Sunday, 9 April 2017

5 Items to Collect from Around the World

Written by Jason Gordon

It's natural for travellers to collect souvenirs of their trips. For many people, expanding their collection is the entire point of the journey. Those travellers can find something of value in any nation, since every culture creates its own artifacts. However, there are a few items that stand out above the rest.


1. Limoges Box

Limoges Box with Dog Design
The French town of Limoges is famous for producing elaborate porcelain boxes. These Limoges boxes are richly decorated, to the point where many of them are better described as sculptures that hide a small storage space than as boxes. Expert artisans make all of them by hand, and they come in a huge number of shapes and sizes. Every collector can find something that reflects both the traditional culture of Limoges and their own preferences.

A box must come from Limoges to be considered authentic. Since that restricts production to a small number of artisans, collectors need to make sure that they are getting an authentic box. Verifying the authenticity of a box is relatively easy for anyone who knows the sign to look for, so there's no excuse not to do your homework and research the basics of Limoges boxes.



2. Dolls

Dolls are not simply toys for children. Many of them, such as the dolls of Japan or the porcelain dolls of France and Germany, are works of art. Most dolls will be dressed in the local style, so they provide a record of a culture's fashion that will last a lifetime.

Be sure to be careful with artistic dolls. Since many of them are meant for display, the rough play a child will put them through could easily destroy them.


3. Netsuke

Ivory Netsuke - Japan
Netsuke are small sculptures native to Japan. They originally served a practical purpose, since they were invented to attach small containers to sashes. That purpose became obsolete when the people of Japan adopted European clothing styles, but some netsuke production remained for the benefit of collectors.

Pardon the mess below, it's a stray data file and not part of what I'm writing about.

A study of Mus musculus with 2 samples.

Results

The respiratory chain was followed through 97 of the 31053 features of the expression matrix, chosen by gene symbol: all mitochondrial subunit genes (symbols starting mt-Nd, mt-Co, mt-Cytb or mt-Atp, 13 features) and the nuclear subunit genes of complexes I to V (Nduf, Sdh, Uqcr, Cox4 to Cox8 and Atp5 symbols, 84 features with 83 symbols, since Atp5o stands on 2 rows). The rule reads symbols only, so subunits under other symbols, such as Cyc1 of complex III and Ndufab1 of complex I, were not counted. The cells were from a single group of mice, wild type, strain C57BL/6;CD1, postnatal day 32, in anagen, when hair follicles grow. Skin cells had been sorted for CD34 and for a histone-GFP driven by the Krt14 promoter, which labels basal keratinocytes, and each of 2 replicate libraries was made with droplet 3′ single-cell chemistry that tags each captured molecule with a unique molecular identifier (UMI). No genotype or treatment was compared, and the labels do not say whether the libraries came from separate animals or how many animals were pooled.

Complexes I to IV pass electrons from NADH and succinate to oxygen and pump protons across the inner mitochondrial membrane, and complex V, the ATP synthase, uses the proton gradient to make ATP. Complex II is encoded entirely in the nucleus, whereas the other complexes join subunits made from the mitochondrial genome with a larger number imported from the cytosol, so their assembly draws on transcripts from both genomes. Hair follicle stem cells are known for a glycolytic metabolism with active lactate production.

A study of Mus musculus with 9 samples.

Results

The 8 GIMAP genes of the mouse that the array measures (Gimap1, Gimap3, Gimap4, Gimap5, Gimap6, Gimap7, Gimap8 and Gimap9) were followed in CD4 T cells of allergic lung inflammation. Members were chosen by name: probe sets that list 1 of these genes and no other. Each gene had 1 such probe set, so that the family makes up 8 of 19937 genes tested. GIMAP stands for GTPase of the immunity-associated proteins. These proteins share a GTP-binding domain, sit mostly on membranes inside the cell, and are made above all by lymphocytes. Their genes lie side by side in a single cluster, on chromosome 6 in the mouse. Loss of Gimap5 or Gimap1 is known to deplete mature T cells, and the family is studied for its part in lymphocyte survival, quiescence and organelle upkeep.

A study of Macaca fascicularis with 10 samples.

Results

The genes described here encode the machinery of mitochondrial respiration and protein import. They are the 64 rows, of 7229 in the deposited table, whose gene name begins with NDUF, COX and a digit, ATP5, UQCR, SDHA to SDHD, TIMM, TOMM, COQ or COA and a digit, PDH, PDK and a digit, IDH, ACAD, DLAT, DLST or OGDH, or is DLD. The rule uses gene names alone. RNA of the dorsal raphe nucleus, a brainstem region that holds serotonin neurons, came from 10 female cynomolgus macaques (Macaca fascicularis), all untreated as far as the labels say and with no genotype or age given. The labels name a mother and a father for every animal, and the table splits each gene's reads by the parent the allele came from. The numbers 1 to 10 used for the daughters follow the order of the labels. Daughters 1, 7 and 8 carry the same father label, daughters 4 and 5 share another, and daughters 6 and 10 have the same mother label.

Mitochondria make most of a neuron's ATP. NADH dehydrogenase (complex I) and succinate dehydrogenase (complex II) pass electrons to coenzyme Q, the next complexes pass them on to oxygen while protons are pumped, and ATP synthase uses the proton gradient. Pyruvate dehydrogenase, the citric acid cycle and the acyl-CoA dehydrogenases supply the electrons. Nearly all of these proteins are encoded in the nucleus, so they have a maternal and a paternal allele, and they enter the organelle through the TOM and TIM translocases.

Modern and traditional netsuke come in a variety of styles. Many of them depict animals or religious figures, but other shapes are also reasonably common. They are most often carved from wood, but ivory, ceramics, and even some metal netsuke do exist. Since they are so small, it is easy for a collector to acquire a large variety of them for display, even when their space is strictly limited. Many Europeans and Americans have already done so, which has resulted in many museums collections of netsuke all over the world.


4. Coins

Coins make ideal souvenirs because they are easy to find, small enough to carry, and highly durable. Since each country produces its own coins with distinctive patterns, it's almost impossible to forget where each one is from.

The easiest way to start collecting a nation's coins is to simply start spending a little bit of money in the local shops during your trip. You can easily keep your change as a souvenir and even get duplicates that you can pass on to your friends and family. As nations change their currency over time, the souvenir will eventually turn into a historical artifact, which can make it even more interesting to collectors.


5. Scarves

Clothing is one of the most distinctive parts of any culture, but it's also bulky and hard to collect. Buying a local scarf is a way to get a piece of that culture without the inconveniences of a whole outfit.

Most regions have their own styles, so you can collect a variety of distinctive scarves while travelling within a single nation.

There you have it fellow travellers.


Do you buy and collect items from around the world while on your trip? Comment below to give our fellow travellers an idea on what to add to their collection.

Author's Bio
Jason hails from New York City where he is a marketing associate by day and blogger by night. He is a diehard sports fan that loves to travel, and tries to combine the two as much as possible.

One summer, Jason road tripped across the U.S. attending as many baseball games as possible. He ended up making it to 28 of 30 MLB stadiums.